Playing poker, or at least playing poker successfully, requires players to understand and at least try and master the three basic cornerstones on which the game is built. Those are: the rules; different strategies and how and when to employ them; and finally, the psychology of the game. All three are equally as important, but though players of all abilities know the rules like the backs of their hands, and spend hours poring over and perfecting strategies, more often than not, they give psychology only a cursory glance at best.


This is down to either not appreciating how important a part psychology plays in the game, or not understanding what it actually is. Many players think they are good at “working people out” in the office, so can transfer that ability to the poker table. Psychology however, especially when it comes to poker, is a lot deeper than that, and if you want to take your game to the next level – or three – ignore it at your peril.


The importance of the link between poker and psychology is demonstrated by the fact that it isn’t just poker players who study it, but doctors and professors of the science too, who look at it from an academic perspective to further their understanding of the way the mind works. When it comes to poker psychology it is usually split into two – understanding your opponents’ mind, and understanding your own. There is also a third type, one that is often ignored completely, and that is where we will start.


The Psychology of your Surroundings


There are many many things that influence our state of mind at any point in time. One of those is our environment. Everything from the chair you are sat in, the view you have, the temperature, smell and ambience of the room can have subtle but demonstrable effects on your ability to operate in a rational manner. Much of the time, these will all be to a certain extent out of your control - for example when you go to a casino. There will be times however when they are very much under your control, like when you host your own poker night. At these times, you are obviously not just in charge of your own environment, but also that of your opponents. Those little advantages that can be gained could very well be the difference between an unsuccessful and a successful night.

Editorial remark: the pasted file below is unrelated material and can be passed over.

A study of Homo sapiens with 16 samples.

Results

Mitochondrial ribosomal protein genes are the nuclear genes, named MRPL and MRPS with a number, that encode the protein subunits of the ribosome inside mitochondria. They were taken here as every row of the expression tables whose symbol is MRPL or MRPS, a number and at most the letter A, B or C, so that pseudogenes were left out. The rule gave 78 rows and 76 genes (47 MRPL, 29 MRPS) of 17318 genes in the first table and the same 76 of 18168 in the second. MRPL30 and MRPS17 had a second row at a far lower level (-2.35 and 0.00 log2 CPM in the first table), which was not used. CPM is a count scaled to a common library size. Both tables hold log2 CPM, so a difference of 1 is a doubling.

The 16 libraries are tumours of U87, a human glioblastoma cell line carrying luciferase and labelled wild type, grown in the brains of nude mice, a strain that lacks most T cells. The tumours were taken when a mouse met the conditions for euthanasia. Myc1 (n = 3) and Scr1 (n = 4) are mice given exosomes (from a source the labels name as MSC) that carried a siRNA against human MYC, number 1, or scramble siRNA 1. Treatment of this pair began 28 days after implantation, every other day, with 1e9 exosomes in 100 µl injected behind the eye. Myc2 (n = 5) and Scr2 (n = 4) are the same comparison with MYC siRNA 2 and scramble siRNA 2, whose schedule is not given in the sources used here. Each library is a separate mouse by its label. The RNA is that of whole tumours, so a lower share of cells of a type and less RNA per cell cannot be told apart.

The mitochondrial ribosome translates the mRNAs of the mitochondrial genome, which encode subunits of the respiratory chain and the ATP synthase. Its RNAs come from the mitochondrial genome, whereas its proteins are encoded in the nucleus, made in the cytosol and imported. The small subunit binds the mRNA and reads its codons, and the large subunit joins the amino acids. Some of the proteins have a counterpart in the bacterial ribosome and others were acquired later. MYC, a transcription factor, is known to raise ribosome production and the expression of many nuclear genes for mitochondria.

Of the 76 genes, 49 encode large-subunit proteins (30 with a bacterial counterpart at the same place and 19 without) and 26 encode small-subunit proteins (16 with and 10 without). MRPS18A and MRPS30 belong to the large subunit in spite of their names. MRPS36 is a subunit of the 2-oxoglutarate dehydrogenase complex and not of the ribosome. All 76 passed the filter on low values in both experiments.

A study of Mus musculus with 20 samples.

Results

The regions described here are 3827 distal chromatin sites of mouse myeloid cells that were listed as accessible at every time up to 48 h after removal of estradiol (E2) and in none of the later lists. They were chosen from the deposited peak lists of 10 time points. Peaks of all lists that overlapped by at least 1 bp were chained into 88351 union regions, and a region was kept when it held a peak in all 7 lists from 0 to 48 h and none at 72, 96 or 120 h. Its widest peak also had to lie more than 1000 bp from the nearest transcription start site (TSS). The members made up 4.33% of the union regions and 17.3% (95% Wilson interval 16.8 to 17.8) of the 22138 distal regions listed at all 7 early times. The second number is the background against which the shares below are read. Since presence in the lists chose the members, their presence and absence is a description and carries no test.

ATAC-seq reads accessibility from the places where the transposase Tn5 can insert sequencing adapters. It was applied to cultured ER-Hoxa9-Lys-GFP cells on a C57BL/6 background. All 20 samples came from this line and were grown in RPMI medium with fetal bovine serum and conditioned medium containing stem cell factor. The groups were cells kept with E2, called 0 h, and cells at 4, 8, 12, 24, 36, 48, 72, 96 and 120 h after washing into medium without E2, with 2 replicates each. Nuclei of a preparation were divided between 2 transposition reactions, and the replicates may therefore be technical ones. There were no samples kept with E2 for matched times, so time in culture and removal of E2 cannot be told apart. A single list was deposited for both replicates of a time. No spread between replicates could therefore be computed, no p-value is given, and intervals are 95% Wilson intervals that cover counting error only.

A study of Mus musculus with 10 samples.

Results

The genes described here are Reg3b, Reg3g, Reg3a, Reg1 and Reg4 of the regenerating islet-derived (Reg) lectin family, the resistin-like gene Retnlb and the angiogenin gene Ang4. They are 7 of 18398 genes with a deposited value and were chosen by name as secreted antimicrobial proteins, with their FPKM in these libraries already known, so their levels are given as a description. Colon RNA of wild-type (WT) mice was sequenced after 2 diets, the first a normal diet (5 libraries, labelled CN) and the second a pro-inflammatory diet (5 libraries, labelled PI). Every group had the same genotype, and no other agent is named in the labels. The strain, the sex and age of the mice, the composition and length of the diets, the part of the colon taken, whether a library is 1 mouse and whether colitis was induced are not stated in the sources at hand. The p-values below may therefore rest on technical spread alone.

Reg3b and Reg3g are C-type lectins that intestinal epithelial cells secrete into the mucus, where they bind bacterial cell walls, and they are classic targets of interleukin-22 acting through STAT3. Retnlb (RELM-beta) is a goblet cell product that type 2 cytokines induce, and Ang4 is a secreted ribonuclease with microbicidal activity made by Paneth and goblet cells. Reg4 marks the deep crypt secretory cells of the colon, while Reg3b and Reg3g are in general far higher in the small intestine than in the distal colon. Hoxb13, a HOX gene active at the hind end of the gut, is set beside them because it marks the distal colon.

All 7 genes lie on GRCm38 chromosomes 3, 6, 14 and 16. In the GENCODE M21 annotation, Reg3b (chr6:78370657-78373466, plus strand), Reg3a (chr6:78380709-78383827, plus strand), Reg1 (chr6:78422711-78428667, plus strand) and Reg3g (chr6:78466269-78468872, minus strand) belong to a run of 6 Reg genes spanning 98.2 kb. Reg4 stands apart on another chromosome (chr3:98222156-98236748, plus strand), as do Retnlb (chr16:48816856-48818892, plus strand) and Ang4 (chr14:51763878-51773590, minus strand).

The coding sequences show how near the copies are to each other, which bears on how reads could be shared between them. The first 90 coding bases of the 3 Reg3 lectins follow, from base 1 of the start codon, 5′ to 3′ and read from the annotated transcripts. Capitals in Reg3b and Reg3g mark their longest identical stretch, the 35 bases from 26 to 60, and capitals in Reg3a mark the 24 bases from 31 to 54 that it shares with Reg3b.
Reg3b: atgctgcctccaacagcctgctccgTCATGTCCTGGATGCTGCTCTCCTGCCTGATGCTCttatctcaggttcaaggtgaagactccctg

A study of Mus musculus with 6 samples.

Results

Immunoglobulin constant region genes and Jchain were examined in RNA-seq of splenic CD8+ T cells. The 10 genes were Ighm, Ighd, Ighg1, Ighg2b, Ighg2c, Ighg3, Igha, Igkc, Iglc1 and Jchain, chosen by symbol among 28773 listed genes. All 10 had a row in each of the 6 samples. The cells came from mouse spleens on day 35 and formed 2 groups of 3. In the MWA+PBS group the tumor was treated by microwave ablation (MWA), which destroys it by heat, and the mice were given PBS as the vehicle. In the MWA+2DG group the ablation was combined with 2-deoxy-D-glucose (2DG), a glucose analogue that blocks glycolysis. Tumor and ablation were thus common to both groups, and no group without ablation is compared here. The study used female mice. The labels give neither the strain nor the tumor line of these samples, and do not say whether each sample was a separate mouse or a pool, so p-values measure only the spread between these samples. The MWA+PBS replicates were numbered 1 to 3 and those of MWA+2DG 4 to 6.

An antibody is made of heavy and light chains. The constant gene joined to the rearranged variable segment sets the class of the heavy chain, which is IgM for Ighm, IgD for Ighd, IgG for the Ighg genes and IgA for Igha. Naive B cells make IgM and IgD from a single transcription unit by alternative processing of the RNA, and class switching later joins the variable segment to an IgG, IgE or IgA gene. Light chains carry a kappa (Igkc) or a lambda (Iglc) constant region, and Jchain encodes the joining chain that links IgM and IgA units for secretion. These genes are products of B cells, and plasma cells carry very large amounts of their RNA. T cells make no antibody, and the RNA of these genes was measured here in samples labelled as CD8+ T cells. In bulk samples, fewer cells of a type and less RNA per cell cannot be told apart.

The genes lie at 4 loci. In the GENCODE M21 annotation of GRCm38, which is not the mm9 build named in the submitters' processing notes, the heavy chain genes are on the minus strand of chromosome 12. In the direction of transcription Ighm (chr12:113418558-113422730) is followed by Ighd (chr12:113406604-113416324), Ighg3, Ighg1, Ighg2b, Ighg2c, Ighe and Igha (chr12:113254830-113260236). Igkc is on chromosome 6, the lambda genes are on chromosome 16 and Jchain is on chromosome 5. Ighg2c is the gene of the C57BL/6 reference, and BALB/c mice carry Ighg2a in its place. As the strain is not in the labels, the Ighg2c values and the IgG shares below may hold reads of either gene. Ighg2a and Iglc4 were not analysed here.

Understanding your Opponents


To give yourself a chance of being able to predict what cards your opponents are holding, whether they are bluffing, and how they are likely to react to your own strategy, you need to know what type of player they are. As a rough and crude start, all people - and players, can be labelled as either aggressive or passive. Aggressive people tend to be forceful, loud, attention seekers. This is borne out in the way they act, dress – and play poker. They will try to bully and intimidate other players. Passive people/players on the other hand will go out of their way to avoid conflict.


Added to that are two further characteristics: tight and loose. Tight players will act deliberately and conservatively. Their chips will be stacked immaculately, they will rarely engage in the table banter. The other end of the spectrum is the loose player. These are more impulsive and impatient. They will be talkative, not always attentive on the game in hand, and untidy with their chips.


Putting those personality types together will give you the four basic poker players:


- Tight-passive

- Loose-passive

- Tight-aggressive

- Loose-aggressive


Of course, humans tend not to be that easy to pigeonhole. Think of each label as a sliding scale running from 0 to 10. By learning the tell-tale signs for each type of player and the playing characteristics of each of those kinds of players, you are a long way to understanding the psychology of poker.


Understanding Yourself


As important as it is to understand your opponents, it is equally essential that you understand your own mind. Playing poker at any level brings out, or at least exaggerates, several aspects of your personality that are normally hidden from view. We react differently when there is competition, when there is pride, ego – and money involved. Understanding those emotions, and being able to deal with them is vital to becoming a good player. A phenomenon that you will always hear people talk about when discussing poker psychology is tilt. Knowing what it is, and how to overcome tilt are the first steps to doing this.


Tilt is simply when a player – normally a rational, decent poker player – starts to play well below their usual levels because they have become emotionally involved in the game. Instead of using their tried-and-tested strategies, they are guided by anger, revenge – a whole host of negative and destructive emotions that always result in the same thing – defeat.


To tackle tilt in your own game and make-up, you need to discover what your personal triggers are, what symptoms you suffer from during tilt and how you can deal with it. The answer to the last one of these is often to just to walk away from the table for a little while to get your mind back on a regular footing.


You will never fully understand poker psychology, simply because we will never fully understand the human mind and how it works, but we can all go some way to learning a lot more about it. The good thing about that is that it is also the most fascinating and intriguing part of the game itself, and once you’ve scratched the surface you won’t want to stop.